ESMA recently released its latest updated
Q&A document on MiFID II and MiFIR investor protection topics to further clarify obligations under MiFID II and MiFIR and promote industry-wide standards in the application of these regulations which were created to protect investors.
The document covers multiple topics, including: Best Execution, Suitability, Investment Advice, Record Keeping, and recording of telephone conversations and electronic communications (e-comms). It also addresses some significant challenges that firms will face come January 2018 when MiFID II goes into effect. Instead of getting hung up on one specific requirement, I strongly encourage compliance personnel to carefully read ALL of the articles and sub paragraphs within the rules, then take a step back to absorb the full, collective impact of the MiFID II rules on their firm's communications.
A major area of uncertainty revolves around the
record keeping requirements set out in Article 16(7) of MiFID II. The question arises: does recording apply only to communications involving the reception, execution and transmission of orders? Or are the requirements broader than that?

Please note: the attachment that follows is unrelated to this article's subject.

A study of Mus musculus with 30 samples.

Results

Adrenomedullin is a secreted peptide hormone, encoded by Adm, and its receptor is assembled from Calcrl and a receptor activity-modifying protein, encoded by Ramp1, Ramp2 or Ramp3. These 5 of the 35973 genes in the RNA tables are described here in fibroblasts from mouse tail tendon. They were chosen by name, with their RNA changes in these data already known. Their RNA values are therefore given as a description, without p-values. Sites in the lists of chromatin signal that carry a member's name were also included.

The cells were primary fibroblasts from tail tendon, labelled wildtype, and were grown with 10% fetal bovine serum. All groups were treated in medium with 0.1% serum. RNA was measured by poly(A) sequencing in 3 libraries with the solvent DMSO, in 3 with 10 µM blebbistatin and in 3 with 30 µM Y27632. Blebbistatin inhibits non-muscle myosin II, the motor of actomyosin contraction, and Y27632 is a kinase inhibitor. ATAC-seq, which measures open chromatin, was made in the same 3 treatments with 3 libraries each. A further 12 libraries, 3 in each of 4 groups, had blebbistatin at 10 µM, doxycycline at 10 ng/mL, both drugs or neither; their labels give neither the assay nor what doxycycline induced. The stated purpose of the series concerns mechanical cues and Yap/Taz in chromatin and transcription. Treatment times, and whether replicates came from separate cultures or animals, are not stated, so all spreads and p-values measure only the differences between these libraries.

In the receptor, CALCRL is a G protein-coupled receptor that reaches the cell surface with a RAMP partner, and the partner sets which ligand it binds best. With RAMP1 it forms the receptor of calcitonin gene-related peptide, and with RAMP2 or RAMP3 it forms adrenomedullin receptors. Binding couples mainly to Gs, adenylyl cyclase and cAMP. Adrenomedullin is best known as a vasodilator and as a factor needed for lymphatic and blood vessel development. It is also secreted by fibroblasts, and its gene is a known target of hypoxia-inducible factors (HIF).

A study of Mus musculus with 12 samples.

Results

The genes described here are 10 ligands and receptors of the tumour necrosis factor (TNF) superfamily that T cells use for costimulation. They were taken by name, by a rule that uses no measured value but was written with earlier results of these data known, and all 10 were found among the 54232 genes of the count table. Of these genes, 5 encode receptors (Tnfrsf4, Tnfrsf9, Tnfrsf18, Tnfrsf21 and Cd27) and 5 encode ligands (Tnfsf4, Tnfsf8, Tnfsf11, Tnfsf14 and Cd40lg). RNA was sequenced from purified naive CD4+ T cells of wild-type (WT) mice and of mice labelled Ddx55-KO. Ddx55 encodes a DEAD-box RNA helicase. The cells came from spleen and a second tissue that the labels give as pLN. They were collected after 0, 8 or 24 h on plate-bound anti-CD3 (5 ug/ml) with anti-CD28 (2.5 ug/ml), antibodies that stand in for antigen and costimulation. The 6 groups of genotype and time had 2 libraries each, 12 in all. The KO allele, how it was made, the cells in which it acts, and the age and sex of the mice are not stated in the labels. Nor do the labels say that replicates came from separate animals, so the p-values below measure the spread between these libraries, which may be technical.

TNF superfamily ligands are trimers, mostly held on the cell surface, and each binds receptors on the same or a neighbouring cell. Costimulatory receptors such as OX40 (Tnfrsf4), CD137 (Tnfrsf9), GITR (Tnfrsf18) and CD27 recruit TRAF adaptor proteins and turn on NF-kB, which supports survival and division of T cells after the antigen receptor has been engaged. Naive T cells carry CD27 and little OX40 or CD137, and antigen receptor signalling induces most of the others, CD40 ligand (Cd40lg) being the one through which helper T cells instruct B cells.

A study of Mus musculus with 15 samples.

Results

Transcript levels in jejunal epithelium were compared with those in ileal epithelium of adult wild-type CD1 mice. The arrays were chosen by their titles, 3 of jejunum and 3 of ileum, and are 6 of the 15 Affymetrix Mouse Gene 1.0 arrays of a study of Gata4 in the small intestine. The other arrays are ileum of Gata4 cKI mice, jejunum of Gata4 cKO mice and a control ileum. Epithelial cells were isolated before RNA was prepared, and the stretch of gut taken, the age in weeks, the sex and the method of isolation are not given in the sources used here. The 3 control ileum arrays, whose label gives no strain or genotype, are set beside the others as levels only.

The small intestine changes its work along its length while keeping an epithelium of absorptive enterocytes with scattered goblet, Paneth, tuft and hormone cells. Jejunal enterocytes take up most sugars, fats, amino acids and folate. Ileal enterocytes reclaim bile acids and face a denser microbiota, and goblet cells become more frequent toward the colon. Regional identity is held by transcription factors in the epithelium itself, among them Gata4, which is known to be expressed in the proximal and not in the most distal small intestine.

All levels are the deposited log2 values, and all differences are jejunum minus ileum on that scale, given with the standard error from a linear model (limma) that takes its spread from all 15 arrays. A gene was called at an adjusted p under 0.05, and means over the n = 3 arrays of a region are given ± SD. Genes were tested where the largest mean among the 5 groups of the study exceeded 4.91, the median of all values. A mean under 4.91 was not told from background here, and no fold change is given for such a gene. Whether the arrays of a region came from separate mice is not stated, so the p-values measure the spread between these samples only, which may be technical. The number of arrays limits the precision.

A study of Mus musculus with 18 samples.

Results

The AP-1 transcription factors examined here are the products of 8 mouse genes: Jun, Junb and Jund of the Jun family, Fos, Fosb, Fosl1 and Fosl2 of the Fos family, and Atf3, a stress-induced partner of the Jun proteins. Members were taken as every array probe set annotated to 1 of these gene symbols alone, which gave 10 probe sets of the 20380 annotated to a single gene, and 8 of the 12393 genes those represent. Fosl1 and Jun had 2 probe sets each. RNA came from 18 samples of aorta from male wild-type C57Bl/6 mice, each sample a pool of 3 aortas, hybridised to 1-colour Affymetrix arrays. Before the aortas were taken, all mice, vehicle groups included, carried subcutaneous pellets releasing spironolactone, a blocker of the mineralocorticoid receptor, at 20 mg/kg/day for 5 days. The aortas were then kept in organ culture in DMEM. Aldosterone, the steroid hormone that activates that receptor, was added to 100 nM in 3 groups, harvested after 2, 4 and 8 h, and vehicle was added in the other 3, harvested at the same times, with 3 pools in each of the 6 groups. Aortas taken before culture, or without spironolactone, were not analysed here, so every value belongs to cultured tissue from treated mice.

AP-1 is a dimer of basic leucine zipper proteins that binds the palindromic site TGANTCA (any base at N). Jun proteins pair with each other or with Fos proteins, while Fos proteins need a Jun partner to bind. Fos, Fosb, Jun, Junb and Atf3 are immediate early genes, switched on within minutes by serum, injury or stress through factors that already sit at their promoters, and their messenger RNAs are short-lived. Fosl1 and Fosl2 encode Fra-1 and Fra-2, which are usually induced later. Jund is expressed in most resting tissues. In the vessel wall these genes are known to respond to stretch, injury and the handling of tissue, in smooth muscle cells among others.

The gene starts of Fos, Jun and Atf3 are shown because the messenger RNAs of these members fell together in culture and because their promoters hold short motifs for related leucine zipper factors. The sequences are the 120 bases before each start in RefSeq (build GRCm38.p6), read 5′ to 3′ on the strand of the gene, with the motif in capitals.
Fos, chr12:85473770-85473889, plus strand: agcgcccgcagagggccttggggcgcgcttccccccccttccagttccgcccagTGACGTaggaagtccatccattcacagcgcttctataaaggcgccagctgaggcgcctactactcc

Under Recital 57, for example, firms must be able to show intention of a trade, which means they must have systems and processes in place to be able to document (for internal investigations and for requests from regulatory agencies) background conversations and discussions leading up to a completed trade. Firms must also be able to adhere to, monitor and prove compliance with market abuse requirements and other obligations around business codes of conduct.
The implication: the rules of the game have changed - simply recording trade-related conversations and not having a proactive monitoring and surveillance program puts a firm at risk for potential fines, sanctions and expulsion.
This is just one example of why firms need to step back and look at all of the rules and provisions of MiFID II – to ensure there are no grey areas, and that they understand and can apply the rules correctly to achieve full compliance.